Bay of Islands - Area Information
144 sub-tropical islands steeped in history... memories...and marlin
Wherever you are in the Bay of Islands, it’s impossible to escape the lure of the sea. There are almost endless opportunities for immersing yourself in the blue-green world of island and beach. Charter a yacht or launch. Dive or snorkel. Paddle a sea kayak in and out of the islands’ nooks and crannies. Swim with dolphins.
Many people come to the Bay of Islands with marlin in mind. Zane Grey, the great American western writer and big game fisherman, pitched a tent and caught his first marlin here in 1926. He made sure the world heard about it!
Today, enthusiasts come from all over the globe in pursuit of marlin, broad bills and game sharks. You can take part in keenly contested tournaments or hire a boat and fight your own private battles with the denizens of the deep.
The scenery is nothing short of spectacular and can only be fully appreciated by cruising through the area.
The Maritime Park is a natural wonderland with an abundance of wildlife including marlin, whales, penguins, dolphins, gannets and many other species.
In 1769, the English explorer Captain James Cook dropped anchor in the Bay of Islands and set the wheels in motion for its settlement by the English. It was Cook who named the place, "Bay of Islands"... and it was here that English settlers first set up home in the Land of the Long White Cloud.
The birth of New Zealand's nationhood is traced back to 1840 Waitangi when Maori tribal leaders and the English colonisers forged a treaty which, despite some flaws, remains a watershed document for uniting New Zealand's various peoples into one common nation. After the Treaty, the British established Russell as the nation's capital, which later moved south to Auckland, then farther south to Wellington.
Russell was an established settlement of the Maori people long before the arrival of Captain Cook and the sailing ship 'Endeavour' in 1769. Its Maori name was Kororareka, which comes from a legend about a wounded Maori chief who asked for penguin... and on tasting the broth, said 'Ka reka ko korora' (how sweet is the penguin).
From the early 1800s, South Sea Whalers found Kororareka an ideal port to collect provisions. The town grew as more and more ships landed there, but soon gained a reputation as a lawless and bawdy port; earning the nickname 'Hellhole of the Pacific'. Deserting seamen, runaway convicts, grog sellers and prostitutes all made their homes, there. The whalers bartered muskets for food, and this encouraged the local Maori Chief - Hongi Hika - and the northern Maori, to instigate local inter-tribal warfare.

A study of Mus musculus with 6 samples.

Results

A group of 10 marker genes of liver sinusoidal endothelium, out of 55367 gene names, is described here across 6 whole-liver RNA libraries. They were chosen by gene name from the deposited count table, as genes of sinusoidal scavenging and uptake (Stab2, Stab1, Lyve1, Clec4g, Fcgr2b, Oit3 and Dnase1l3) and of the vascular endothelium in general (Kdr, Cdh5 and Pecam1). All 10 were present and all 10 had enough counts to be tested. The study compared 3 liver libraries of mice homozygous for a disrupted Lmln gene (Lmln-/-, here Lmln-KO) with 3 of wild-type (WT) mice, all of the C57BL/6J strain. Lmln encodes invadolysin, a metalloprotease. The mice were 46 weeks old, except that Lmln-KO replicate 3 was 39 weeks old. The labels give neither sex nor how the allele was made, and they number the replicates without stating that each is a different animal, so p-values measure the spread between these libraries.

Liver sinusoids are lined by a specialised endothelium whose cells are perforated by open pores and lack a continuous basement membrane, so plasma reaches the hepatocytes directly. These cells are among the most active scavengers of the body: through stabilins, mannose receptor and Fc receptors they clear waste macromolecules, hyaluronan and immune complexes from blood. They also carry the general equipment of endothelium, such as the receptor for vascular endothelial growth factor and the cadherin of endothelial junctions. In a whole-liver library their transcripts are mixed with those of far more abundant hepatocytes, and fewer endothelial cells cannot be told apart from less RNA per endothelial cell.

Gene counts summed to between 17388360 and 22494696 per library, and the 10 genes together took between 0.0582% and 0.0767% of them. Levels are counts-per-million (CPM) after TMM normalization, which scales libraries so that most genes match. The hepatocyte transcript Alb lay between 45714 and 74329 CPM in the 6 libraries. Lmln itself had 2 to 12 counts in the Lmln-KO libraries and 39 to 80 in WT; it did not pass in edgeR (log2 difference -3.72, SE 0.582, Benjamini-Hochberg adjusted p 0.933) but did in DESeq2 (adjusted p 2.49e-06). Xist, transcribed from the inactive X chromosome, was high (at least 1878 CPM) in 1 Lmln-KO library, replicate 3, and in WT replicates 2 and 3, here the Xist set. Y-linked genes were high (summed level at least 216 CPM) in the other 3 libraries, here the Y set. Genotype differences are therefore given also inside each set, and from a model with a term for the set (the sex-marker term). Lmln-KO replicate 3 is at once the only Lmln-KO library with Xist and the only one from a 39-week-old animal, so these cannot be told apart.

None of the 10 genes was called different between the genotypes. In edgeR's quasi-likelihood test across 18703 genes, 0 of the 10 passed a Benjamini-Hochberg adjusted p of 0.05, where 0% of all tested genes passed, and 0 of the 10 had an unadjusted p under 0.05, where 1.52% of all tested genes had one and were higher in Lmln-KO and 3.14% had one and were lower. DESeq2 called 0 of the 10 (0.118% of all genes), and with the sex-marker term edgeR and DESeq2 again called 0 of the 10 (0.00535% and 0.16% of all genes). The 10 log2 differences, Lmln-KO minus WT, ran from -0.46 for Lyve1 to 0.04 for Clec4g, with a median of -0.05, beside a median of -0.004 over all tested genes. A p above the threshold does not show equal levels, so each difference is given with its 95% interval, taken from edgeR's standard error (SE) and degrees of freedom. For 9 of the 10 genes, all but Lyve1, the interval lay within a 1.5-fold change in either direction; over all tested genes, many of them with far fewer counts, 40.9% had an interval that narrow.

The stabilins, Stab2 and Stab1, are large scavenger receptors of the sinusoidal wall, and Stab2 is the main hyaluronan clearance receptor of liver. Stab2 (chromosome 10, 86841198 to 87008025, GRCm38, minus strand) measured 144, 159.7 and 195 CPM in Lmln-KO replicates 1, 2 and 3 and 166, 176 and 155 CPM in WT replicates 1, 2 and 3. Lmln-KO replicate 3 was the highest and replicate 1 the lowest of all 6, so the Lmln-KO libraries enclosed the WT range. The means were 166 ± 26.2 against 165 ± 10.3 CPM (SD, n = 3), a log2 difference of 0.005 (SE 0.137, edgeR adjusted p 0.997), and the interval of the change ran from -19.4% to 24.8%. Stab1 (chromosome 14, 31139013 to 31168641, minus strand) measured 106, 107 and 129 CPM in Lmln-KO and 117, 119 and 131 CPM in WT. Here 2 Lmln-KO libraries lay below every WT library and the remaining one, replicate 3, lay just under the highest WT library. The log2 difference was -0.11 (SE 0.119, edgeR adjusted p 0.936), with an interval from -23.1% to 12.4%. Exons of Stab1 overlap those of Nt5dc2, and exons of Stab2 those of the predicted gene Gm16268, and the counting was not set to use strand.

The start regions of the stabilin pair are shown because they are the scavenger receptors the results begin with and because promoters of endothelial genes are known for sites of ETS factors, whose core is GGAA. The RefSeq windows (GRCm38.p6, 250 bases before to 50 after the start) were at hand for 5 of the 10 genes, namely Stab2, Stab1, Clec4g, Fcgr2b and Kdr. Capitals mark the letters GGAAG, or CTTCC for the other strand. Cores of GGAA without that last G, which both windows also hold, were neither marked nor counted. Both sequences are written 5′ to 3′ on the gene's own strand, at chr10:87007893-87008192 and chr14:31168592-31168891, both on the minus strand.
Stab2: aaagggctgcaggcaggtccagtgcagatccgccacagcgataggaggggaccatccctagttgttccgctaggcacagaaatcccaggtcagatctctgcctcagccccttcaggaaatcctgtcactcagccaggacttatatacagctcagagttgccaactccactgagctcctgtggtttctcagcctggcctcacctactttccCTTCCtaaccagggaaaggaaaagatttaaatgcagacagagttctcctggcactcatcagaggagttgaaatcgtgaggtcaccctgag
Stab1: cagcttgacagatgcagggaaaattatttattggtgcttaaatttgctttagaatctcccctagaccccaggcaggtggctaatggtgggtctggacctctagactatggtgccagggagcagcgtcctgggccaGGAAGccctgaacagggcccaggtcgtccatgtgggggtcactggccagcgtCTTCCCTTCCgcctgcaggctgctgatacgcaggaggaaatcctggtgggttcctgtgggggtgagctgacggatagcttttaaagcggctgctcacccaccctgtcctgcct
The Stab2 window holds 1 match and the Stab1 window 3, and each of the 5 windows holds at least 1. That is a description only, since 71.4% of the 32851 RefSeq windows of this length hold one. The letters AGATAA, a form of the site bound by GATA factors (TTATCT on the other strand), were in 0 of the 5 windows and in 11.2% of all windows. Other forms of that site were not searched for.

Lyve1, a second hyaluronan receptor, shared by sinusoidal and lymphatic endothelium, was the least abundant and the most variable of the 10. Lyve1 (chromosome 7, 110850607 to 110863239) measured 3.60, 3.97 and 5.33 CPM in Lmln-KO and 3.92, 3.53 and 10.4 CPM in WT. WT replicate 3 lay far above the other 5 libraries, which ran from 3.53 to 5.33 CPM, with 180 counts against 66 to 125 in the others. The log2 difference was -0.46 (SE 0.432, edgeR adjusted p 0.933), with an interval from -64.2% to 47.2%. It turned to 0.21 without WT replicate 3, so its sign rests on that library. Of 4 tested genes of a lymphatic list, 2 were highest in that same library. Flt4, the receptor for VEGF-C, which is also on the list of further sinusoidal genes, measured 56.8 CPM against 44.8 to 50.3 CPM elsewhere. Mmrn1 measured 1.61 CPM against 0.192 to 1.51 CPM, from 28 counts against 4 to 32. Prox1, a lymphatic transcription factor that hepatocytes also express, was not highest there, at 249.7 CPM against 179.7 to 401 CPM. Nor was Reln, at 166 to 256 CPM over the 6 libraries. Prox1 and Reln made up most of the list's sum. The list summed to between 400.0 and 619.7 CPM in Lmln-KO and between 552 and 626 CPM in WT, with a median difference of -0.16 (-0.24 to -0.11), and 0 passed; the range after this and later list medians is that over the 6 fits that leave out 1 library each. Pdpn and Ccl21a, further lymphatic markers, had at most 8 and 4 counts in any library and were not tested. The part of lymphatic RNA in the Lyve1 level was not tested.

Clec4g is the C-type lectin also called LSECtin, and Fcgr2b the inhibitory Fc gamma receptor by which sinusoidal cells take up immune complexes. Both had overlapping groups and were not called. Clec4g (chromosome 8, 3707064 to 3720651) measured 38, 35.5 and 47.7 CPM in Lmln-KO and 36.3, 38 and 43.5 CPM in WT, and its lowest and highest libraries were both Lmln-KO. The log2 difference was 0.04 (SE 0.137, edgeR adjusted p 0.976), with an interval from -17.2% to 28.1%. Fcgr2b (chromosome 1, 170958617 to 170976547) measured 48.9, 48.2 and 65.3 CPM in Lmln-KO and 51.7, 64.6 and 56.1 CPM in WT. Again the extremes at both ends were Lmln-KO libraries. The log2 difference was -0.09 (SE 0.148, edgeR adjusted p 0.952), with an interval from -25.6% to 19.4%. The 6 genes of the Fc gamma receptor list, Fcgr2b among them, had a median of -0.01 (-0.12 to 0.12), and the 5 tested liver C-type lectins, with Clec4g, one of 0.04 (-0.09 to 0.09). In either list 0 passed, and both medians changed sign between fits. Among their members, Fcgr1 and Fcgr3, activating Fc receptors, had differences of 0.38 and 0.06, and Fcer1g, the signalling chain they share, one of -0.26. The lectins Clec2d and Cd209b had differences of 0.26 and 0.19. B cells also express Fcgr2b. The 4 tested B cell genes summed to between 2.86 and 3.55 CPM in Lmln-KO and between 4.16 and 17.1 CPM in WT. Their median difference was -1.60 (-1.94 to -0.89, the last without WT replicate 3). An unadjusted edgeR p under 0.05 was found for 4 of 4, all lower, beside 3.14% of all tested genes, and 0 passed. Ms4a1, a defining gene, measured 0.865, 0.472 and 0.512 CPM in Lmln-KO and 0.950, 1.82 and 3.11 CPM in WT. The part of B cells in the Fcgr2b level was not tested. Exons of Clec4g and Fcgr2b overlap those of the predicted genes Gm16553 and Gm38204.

After the whalers, the missionaries arrived. The first mission station was set up by the Reverend Samuel Marsden in 1815. In 1819, at the invitation of the Maori Chief Hongi Hika, he established the second mission station at Kerikeri. The first Roman Catholic mission was set up by Bishop Pompallier in Russell in 1839.
First British Official Resident
James Busby arrived in Paihia in 1833 as the official British Resident sent out from England. He was expected to protect the traders and settlers, prevent outrages against Maori, capture convicts, and encourage the Maori chiefs to keep order.
Busby settled with his wife and children in a house built at Waitangi from a wooden frame shipped over from Sydney. At this time there were around 1000 settlers in the Bay.
First British Governor
On 29 January 1840 Captain William Hobson arrived, having been appointed the Lt Governor of New Zealand. His job was to make a treaty with the Maori chiefs. Busby's position as British Resident ceased, but he continued to assist Hobson and he also prepared the English draft of the Treaty of Waitangi for Hobson's consideration.
The Treaty of Waitangi
The Treaty was signed on February 6, 1840, outside the home of James Busby, by forty six Maori chiefs and later, over 450 Maori leaders around the country added their mark to the agreement.
The Treaty House
Busby's house, now known as the Treaty House, is open to the public, daily. In 1844, only four years later, Hone Heke, together with chief Kawiti, showed their displeasure by chopping down the British flagstaff at Maiki Hill, in Russell. Skirmishes between the Maori and Europeans have continued in various forms. Today the Government is currently working on the settlement of land claims and fishing rights - many of which have been disputed since the original Treaty.